WORLD / America

Chile Supreme Court grants bail to Peru's Fujimori
Updated: 2006-05-19 09:17

A beaming Alberto Fujimori, Peru's ex-president, was granted bail on Thursday and left a Chilean jail where he was held for six months, angering Peruvian officials seeking his extradition.

Chile's Supreme Court set $3,000 bail for Fujimori, 67, detained while Peru tries to extradite him to face human rights abuse and corruption charges. Under conditions of the bail, he cannot leave Chile.

Fujimori, who is both revered and reviled in Peru, came to Chile by surprise in November from Japan, where he lived for five years to avoid prosecution in Peru after his 1990-2000 government collapsed following a huge corruption scandal.

"Obviously I'm happy, satisfied with the decision of the superior court. ... I'm confident and I'll have patience," a smiling Fujimori, dressed in a dark suit, told dozens of reporters outside the Prison Guard Academy in Santiago.

He was whisked away to a house rented for him in the upscale Las Condes neighborhood of the Chilean capital.

A small group of protesters, accusing the former leader of authorizing death squads to defeat Shining Path rebels, held a banner that read "Fujimori genocide."

In Lima, hundreds of people protested against the court's decision outside the Chilean embassy, shouting "murderer."

Fujimori, of Japanese descent, is accused of stealing $15 million in state cash and using excessive anti-terrorism measures to crush Shining Path. He denies any wrongdoing and says he is the victim of political persecution.

Credited with defeating Shining Path and controlling the hyperinflation that ruined Peru's economy in the 1980s, Fujimori is a hero to poor Peruvians who say he brought electricity, roads and schools to remote Andean towns.

But lawyers for the Peruvian state say granting him bail was a mistake and Peru's Justice Minister Alejandro Tudela he did not agree with the Chilean decision.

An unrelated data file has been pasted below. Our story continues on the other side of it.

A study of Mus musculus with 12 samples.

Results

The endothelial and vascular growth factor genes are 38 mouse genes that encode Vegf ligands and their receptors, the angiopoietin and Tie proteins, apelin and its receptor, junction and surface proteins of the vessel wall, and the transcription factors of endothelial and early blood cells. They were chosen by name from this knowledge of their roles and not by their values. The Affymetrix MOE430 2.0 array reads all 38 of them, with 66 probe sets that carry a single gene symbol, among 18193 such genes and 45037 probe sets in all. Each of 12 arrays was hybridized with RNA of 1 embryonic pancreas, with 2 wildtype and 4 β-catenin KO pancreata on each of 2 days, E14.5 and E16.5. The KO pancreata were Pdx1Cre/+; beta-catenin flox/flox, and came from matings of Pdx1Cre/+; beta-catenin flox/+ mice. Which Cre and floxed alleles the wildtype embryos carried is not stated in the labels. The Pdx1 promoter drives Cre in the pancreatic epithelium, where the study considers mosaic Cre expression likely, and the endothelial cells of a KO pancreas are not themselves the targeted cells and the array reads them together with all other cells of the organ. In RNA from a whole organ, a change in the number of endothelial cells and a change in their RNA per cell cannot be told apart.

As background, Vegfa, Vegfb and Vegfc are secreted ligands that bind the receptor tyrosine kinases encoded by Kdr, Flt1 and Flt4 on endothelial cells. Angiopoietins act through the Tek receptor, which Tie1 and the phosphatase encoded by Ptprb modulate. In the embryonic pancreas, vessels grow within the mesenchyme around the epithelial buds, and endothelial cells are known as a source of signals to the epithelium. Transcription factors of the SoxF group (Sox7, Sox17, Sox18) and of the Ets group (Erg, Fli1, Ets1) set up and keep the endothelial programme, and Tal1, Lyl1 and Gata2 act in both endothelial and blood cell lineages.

"This ruling raises the possibility for Fujimori to escape," said Alfredo Etchberry, a lawyer for the Peruvian government.

Media in Lima reported there were also fears Fujimori could try to take refuge in the Japanese Embassy in Santiago.

"We don't want to even think about that possibility," Tudela told a news conference.


Fujimori's lawyer Cesar Nakazaki said Peru's government was overreacting. "Let's not exaggerate. We're talking about a conditional release so that Alberto Fujimori can face the extradition proceedings in better conditions," Nakazaki said.

When he arrived in Santiago last year, Fujimori said he had chosen Chile because its courts are seen as the most impartial in the region. He said he wanted to use Chile as a base to run for president in Peru, even though he is banned from holding public office there until 2011.

"I think that this (bail) is obviously of concern because of ... the resources he has at his disposal and there is clearly a risk that he could jump bail here," said Sebastian Brett, a researcher with the group Human Rights Watch.

In April, while being held in Chile, Fujimori married his wealthy girlfriend, Japanese businesswoman Satomi Kataoka.

"This is one of the happiest days in a long time for me," Fujimori's daughter Keiko, elected to Peru's next Congress, told a news conference. "The superior court's decision reaffirms that my father is not a danger to anyone," she said.